Sleep News

Dodow: The Sleep Device for Insomnia

An image of Lois Cuckson
08 Jun 20184 min read

In the modern age, it seems that we rely on devices for everything. We have wristbands to keep an eye on our fitness, heating we can turn on from our phones and apps that help us track our sleep.

We’ve heard over and over again how the increase in technology could actually be robbing us of sleep. But what if the technology were developed which could combat restlessness and insomnia?

The Dodow may be able to do just that. It is a small household gadget - developed by insomniacs, for insomniacs. It uses the principles of controlled breathing and light pulses to soothe the user to sleep.

Before using the Dodow

Prior to unboxing the Dodow, I was a classic worrier. The main things that kept me awake were a racing mind and trying to plan tasks for the day, week or even year! I struggled to ‘switch off’ most nights and any attempts to clear my mind or count sheep were short-lived.

People with insomnia are usually tormented by their lack of sleep, and I could certainly feel the difference following a restless night. Difficulty concentrating, heavy eyelids and a reliance on coffee were characteristic of these days and I definitely felt less than one hundred percent.

In a survey performed by the UK’s Mental Health Foundation, 36% of those surveyed were classified as having chronic insomnia. If that weren’t bad enough, 75% of those people experienced symptoms such as poor concentration and were 4 times as likely to have relationship difficulties.

Poor sleep is certainly no joke, and the engineers at Dodow think they may have found a solution. For the sake of my sleep and caffeine intake, I decided to give them a try!

The Dodow sleep aid and its minimalist packaging.

First impressions of the Dodow

When my Dodow arrived, I was surprised at how sleek and space-age it appeared. I have to confess, I wondered how this palm-sized white disc could be expected to help me with my sleep.

According to their site, the Dodow already boasts over 150,000 users and many report very positive experiences with using the device. In fact, two of the Dodow’s founders, Pierre-Luc Deniel and Alexandre Dujoncquoy, suffer from long-term insomnia themselves which gave me significant peace of mind.

How the Dodow works

The Dodow works by projecting a pattern of pulsating blue light onto your ceiling, which you match your breathing to. It is touch-activated and with only two settings, is extremely easy to use.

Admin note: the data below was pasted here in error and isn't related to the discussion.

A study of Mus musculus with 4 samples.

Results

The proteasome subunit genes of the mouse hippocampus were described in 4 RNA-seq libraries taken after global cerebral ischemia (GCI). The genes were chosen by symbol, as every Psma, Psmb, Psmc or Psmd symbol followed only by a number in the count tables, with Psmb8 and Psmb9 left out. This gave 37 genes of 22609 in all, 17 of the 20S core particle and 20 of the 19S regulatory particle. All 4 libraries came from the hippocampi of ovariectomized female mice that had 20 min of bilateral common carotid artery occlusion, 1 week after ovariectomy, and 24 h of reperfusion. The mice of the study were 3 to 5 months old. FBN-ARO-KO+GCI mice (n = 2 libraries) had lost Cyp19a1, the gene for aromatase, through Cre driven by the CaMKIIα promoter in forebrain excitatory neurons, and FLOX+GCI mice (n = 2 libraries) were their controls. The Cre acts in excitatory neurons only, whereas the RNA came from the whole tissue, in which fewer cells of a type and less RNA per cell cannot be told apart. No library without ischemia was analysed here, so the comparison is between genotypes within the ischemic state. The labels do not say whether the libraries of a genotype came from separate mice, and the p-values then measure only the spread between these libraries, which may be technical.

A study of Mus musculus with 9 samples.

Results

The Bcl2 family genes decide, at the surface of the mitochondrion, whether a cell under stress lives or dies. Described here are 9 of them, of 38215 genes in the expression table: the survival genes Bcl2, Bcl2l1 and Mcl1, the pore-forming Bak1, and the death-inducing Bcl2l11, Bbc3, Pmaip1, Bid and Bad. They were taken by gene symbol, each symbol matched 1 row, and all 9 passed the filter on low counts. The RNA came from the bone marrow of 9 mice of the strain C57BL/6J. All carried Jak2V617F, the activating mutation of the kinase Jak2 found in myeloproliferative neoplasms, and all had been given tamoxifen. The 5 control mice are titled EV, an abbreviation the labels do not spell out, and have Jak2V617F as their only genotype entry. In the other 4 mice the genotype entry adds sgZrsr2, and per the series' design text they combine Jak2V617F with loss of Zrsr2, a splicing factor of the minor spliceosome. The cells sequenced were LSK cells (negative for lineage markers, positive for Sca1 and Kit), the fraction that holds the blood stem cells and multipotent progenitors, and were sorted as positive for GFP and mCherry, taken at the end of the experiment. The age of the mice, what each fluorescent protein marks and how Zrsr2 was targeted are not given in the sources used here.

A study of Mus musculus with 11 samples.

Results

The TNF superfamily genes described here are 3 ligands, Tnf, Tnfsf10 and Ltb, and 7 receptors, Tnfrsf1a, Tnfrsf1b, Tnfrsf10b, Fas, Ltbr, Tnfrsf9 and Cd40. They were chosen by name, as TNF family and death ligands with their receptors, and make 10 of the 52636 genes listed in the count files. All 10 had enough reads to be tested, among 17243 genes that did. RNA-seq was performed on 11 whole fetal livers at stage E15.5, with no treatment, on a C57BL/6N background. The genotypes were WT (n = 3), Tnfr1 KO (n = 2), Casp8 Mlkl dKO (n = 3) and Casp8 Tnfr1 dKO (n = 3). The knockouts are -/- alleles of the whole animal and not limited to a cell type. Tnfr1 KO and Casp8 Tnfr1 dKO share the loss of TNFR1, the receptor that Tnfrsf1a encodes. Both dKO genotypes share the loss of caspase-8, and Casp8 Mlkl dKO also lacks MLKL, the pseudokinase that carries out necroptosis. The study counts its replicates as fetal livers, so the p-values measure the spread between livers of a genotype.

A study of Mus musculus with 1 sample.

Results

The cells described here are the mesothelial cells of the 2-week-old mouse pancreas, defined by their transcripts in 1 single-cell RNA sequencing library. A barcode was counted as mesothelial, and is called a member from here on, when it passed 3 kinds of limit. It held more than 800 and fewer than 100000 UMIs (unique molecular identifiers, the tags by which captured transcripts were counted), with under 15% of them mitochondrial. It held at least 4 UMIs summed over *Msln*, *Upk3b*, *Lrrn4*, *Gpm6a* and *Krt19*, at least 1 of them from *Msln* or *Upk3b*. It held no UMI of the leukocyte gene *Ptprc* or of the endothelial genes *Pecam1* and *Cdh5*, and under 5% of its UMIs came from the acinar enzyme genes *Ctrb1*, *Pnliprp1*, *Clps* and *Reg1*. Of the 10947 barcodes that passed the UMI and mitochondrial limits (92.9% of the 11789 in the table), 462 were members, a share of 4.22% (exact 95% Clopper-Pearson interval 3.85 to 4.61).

The light sequences can last either eight minutes, or twenty depending on how long you think you need to get drowsy. It uses the principles of meditation and controlled breathing to help your body enter a rest state. Unlike meditation however, having the external light to focus on and guide your breathing means there is less opportunity for your mind to wander.

I was certainly eager to try a sleep aid which did not come in the form of a pill or some kind of miracle tea from an Instagram ad. The Dodow offers an approach which is harmless and not reliant on chemicals.

A woman sleeps soundly in bed with the Dodow beside her on a bedside table.

My experience

Normally being a side-sleeper, I was a little dubious as I set up the Dodow for my first night’s trial. You are required to lie on your back to begin with, which is not my favourite way to sleep.

However, once the blue light was projected onto my ceiling, I felt soothed. I actually enjoyed the deep breathing that the Dodow encourages. It was sometimes hard to keep exactly to the rhythm of the light, but I found that concentrating on doing so successfully emptied my mind of all the day’s thoughts.

About halfway through the eight-minute cycle, I found keeping my eyes open to be a real challenge. This is part of the Dodow’s ingenuity. Rather than aiming to get to sleep, which we know can be frustrating and most times fruitless, your aim is to make it through the entire cycle.

Almost like reverse psychology, the more I tried to keep my eyes open, the more they seemed determined to close.

To be frank, I can’t recall how many times I made it to the end of the cycle. The Dodow turns off automatically after eight minutes and almost 90% of the time, I was asleep before the cycle could complete.

Benefits of the Dodow

In my first month using the Dodow I noticed the following things:

  • It took me significantly less time to fall asleep.
  • Once asleep, I experienced fewer incidences of night-waking or restlessness.
  • I was in a calmer mood before bedtime, without any of the anxiety I used to feel about falling asleep.
  • My productivity at work was much improved, as well as my mood throughout the day.
  • I no longer had such a high reliance on coffee to get through the day.

Final thoughts

Personally, I found the Dodow very helpful. I found that the quality of my sleep improved and it took me a significantly shorter time to drop off.

Sleep is a highly personal thing, so it would probably be optimistic to say the Dodow is a one-size-fits-all solution. If you struggle with a racing mind before sleep, the Dodow may well be worth a try. It certainly helped me, in any case!

For more sleep tips, why not check out some of our other blog posts? Whether it's dealing with the effects of stress on your sleep or to better understand your insomnia, we are here to help!